I hate to admit that the Internet can be a very dangerous place to spend your time. Online viruses, cyber-bullying and misinforming Wikipedia pages aside, there are just too many great things that are available for purchase and countless sites curating all of the things I want together.
Two such sites that I have to lock my wallet away before logging onto are Pinterest and Fancy. Both are image categorizing and sharing sites that have been known to increase the number of people purchasing the displayed items.
In an effort to create a more unique experience, however, Fancy changed a little bit today to allow companies a way to share revenue with those that post item pictures that go viral.
Each time a user shares, say, an image of certain brand of wristwatch, they will get a link with a unique referral code. If someone else spots this image and buys the watch through that link–via Twitter, Facebook or elsewhere – the user who shared the photo receives 2% of the value of the purchase 30 days later as credit in their Fancy account.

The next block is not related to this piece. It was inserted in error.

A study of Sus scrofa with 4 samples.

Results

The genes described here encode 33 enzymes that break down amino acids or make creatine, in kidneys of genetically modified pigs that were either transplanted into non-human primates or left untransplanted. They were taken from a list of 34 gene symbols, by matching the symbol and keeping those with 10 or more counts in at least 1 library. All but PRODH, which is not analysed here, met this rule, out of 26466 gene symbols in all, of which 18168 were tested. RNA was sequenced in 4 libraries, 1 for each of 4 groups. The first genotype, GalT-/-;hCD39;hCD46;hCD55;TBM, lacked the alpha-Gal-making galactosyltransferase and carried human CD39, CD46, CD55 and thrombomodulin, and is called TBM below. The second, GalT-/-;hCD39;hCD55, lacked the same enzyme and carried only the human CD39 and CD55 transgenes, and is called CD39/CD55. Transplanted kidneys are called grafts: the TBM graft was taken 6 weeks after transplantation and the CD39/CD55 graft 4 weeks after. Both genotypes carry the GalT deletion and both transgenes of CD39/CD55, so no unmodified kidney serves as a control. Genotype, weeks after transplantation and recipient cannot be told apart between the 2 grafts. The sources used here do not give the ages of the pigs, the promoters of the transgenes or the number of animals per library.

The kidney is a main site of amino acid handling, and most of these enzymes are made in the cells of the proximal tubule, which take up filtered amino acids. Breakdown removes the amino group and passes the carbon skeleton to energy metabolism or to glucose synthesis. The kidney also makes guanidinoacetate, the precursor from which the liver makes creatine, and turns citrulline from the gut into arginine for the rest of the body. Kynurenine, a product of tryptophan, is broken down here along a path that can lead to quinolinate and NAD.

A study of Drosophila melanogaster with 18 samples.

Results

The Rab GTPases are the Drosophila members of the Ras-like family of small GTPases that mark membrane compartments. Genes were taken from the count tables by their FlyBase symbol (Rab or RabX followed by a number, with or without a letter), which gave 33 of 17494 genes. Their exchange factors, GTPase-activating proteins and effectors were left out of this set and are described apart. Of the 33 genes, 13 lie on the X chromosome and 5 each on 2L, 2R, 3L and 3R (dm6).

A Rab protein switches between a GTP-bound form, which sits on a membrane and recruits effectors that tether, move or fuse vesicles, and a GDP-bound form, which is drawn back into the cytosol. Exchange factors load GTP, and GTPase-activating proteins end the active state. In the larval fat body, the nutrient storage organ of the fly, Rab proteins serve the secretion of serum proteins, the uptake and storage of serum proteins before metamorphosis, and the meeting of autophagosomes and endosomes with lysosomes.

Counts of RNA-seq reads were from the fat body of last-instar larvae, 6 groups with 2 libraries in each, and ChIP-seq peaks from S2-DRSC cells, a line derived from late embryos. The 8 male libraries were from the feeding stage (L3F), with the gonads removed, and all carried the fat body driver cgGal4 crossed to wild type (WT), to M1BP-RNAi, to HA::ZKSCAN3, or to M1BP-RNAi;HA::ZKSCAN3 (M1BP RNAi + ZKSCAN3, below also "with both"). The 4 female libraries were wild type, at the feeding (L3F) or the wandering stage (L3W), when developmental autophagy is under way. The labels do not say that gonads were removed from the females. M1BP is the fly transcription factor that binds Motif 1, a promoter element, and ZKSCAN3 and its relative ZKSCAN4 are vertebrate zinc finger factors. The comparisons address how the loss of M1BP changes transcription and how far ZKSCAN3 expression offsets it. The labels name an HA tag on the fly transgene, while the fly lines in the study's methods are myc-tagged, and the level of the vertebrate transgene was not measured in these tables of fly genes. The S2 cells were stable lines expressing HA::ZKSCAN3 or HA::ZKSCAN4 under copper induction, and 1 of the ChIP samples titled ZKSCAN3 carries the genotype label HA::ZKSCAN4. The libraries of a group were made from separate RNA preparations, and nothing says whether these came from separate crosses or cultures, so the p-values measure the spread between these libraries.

You mean to say I can make money just by posting pictures of things I like? Now that is motivation.
But Fancy posters better be spurring a lot of purchases or some seriously high-ticket items if users are only receiving 2%. Amazon‘s affiliate program begins at 4%, and is even higher for apparel and accessories categories. StyleOwner, a service that encourages users to create online fashion boutiques, offers a 10% cut of sales made on behalf of its partners, which include big retailers including Saks and Nordstrom.
Smaller, informal service like this have popped up for Twitter, with celebrities and those with the most clout reaping rewards either directly from brands or through services like Klout.
With 1 million members so far, Fancy grosses an average of $10,000 in sales each day, and with new iPhone and mobile apps, Fancy has been able to rake in $70,000 in sales per week, up from the May release that it was in the range of $50,000-per-week.
The site, with its Pinterest-style magazine quality, makes it really easy to discover and explore new item, especially in the realm of retail and apparel. It will be interesting if Pinterest considers this model or if it will become a common addition seen on the items pinned through the service. If these perks can get folded into Pinterest, where users are already motivate to pin, there could be a greater value for the company that is quickly climbing the ladder to the most trafficked and time-spent on a social discovery site.